Michael Nava

I Wish I'd Known - Michael Nava


It wasn’t a neutral observation, but clearly disparaging. It’s true that I’m the grandson of Mexican immigrants and from a poor family, the first in my family to receive a higher education. It’s also true that in college, I was an A student, won awards for writing, edited the college’s literary magazine, was the recipient of a Watson Fellowship, graduated cum laude, and was elected to Phi Beta Kappa.

However, to my smug classmates, I was an intellectual inferior admitted to Stanford in the interest of what’s now called political correctness.

Finding the Right Fit

I spent my two law school summers working at law firms because I needed the money. Those experiences taught me that, while I could do the work, the virtually all-male, all-White, and completely straight (I’m also a gay man) culture of those firms would suffocate me.

Instead, upon graduation and passing the bar—on my first try, by the way—I entered public service. For most of my career, I worked as a judicial attorney in the California appellate courts, first at the California Court of Appeal as staff attorney to Arleigh Maddox Woods—the first African American woman appointed to that court. Later, I worked at the California Supreme Court where, among other posts, I was on the staff of Carlos Moreno, only the third Latino on the court.

Justices Woods and Moreno represented earlier generations of people of color who defied stereotypes and endured their own brushes with racism to become accomplished and respected jurists.

Your Place Is Here

Over the years, I’ve mentored law students of color who are entering a profession in which their communities are still drastically underrepresented. Even here in the supposedly liberal and diverse California, the state bar reports that 70 percent of licensed lawyers are White, while Whites make up less than 40 percent of the state’s population.

People of color entering the profession have to be bicultural. That is, they have to learn to navigate the upper-middle-class White culture that dominates the profession from the starting point of their own ethnically, racially, and often economically different cultures. By contrast, few White lawyers ever have sustained or had meaningful contact with Black, Latino, or Asian-Pacific Islander communities, even as those communities, in California and elsewhere, taken together, constitute a demographic majority subject to the law.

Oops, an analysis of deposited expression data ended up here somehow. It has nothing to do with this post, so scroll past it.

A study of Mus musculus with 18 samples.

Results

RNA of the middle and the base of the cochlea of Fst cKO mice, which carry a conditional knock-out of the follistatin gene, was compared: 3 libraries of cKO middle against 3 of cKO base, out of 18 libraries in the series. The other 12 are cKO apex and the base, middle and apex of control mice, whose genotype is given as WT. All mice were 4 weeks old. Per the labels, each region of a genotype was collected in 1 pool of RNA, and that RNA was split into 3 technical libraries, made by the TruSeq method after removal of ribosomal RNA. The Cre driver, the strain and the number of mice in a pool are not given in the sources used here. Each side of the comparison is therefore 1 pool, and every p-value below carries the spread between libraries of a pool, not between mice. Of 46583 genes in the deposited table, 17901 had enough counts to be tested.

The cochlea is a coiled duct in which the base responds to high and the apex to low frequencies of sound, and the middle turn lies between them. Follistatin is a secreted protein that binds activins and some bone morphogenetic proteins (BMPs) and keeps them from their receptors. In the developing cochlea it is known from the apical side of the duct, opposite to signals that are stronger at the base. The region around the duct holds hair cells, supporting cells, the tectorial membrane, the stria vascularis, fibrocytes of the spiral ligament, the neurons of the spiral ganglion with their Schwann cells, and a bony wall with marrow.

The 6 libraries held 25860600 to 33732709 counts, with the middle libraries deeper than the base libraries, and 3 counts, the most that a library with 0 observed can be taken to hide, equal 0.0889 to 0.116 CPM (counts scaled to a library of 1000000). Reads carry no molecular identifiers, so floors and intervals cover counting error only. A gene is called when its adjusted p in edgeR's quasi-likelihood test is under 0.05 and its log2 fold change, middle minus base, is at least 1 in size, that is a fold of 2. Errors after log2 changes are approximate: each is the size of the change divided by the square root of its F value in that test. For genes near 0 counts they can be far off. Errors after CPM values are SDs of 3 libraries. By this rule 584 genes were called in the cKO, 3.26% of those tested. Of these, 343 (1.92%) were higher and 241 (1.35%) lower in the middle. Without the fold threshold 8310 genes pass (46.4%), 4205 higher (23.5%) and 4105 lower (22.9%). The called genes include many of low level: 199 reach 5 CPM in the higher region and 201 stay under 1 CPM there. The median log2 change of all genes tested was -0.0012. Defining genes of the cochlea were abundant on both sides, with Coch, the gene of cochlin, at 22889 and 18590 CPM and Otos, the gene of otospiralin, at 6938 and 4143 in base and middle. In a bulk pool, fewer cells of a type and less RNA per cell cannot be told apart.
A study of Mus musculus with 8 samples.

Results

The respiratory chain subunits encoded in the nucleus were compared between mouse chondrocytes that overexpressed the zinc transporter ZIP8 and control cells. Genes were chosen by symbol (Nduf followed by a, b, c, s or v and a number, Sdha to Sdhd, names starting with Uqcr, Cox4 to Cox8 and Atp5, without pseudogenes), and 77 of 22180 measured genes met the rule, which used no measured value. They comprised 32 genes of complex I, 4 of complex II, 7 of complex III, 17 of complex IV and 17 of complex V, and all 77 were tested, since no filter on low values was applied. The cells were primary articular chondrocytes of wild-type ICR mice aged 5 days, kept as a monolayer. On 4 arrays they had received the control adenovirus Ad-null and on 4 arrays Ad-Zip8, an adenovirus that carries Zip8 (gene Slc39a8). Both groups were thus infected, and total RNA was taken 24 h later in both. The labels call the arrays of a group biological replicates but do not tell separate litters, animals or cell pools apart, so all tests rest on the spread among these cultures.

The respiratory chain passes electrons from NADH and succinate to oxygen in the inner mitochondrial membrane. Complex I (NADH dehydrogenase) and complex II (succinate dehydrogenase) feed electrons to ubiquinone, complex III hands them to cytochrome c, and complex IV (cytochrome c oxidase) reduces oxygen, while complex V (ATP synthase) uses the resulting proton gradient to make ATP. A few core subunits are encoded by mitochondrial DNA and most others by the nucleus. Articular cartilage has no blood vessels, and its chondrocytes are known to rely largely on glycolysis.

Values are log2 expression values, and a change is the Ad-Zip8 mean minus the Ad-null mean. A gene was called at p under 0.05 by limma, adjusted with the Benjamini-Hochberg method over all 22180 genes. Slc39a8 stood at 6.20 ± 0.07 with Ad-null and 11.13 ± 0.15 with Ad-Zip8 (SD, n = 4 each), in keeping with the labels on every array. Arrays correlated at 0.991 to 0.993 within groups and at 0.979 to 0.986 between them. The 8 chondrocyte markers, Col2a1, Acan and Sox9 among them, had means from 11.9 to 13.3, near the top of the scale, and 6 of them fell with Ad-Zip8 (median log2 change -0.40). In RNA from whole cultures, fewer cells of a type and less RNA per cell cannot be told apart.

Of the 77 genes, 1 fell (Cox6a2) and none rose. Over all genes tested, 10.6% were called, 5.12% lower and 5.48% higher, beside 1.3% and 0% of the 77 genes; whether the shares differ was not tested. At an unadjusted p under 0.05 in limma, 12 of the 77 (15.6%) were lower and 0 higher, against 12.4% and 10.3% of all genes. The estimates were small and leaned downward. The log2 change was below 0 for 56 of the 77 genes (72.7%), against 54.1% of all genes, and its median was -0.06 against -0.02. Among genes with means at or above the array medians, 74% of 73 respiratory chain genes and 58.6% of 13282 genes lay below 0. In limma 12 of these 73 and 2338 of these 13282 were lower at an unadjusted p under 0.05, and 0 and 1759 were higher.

What I’d tell my mentees is this: Yes, the legal profession often feels unwelcoming to us, but you must fight for your place in it and keep the gate open for others to follow. This isn’t merely a matter of personal accomplishment but a social necessity.

If the status quo remains intact, we’ll have created a kind of apartheid system where members of a racial minority—Whites—exercise control over a legal system that has its greatest impacts on a non-White majority. In time, the legitimacy of that system will inevitably be eroded.

Overcoming Casual Racism

I was stunned and discouraged by the casual racism of my Stanford classmates. Between their comments and my experiences as a summer associate, I wasn’t sure there was a place for me in the profession. In fact, I seriously considered dropping out at the end of my first year.

As it turns out, there was a place for me in the profession, but I and my generation of lawyers of color basically had to create it from scratch. And so much more work remains to be done. To the law students who read this, both those of color and those White law students who ally themselves with us, I urge you to take up the challenge to make our legal system truly representative of the people it serves.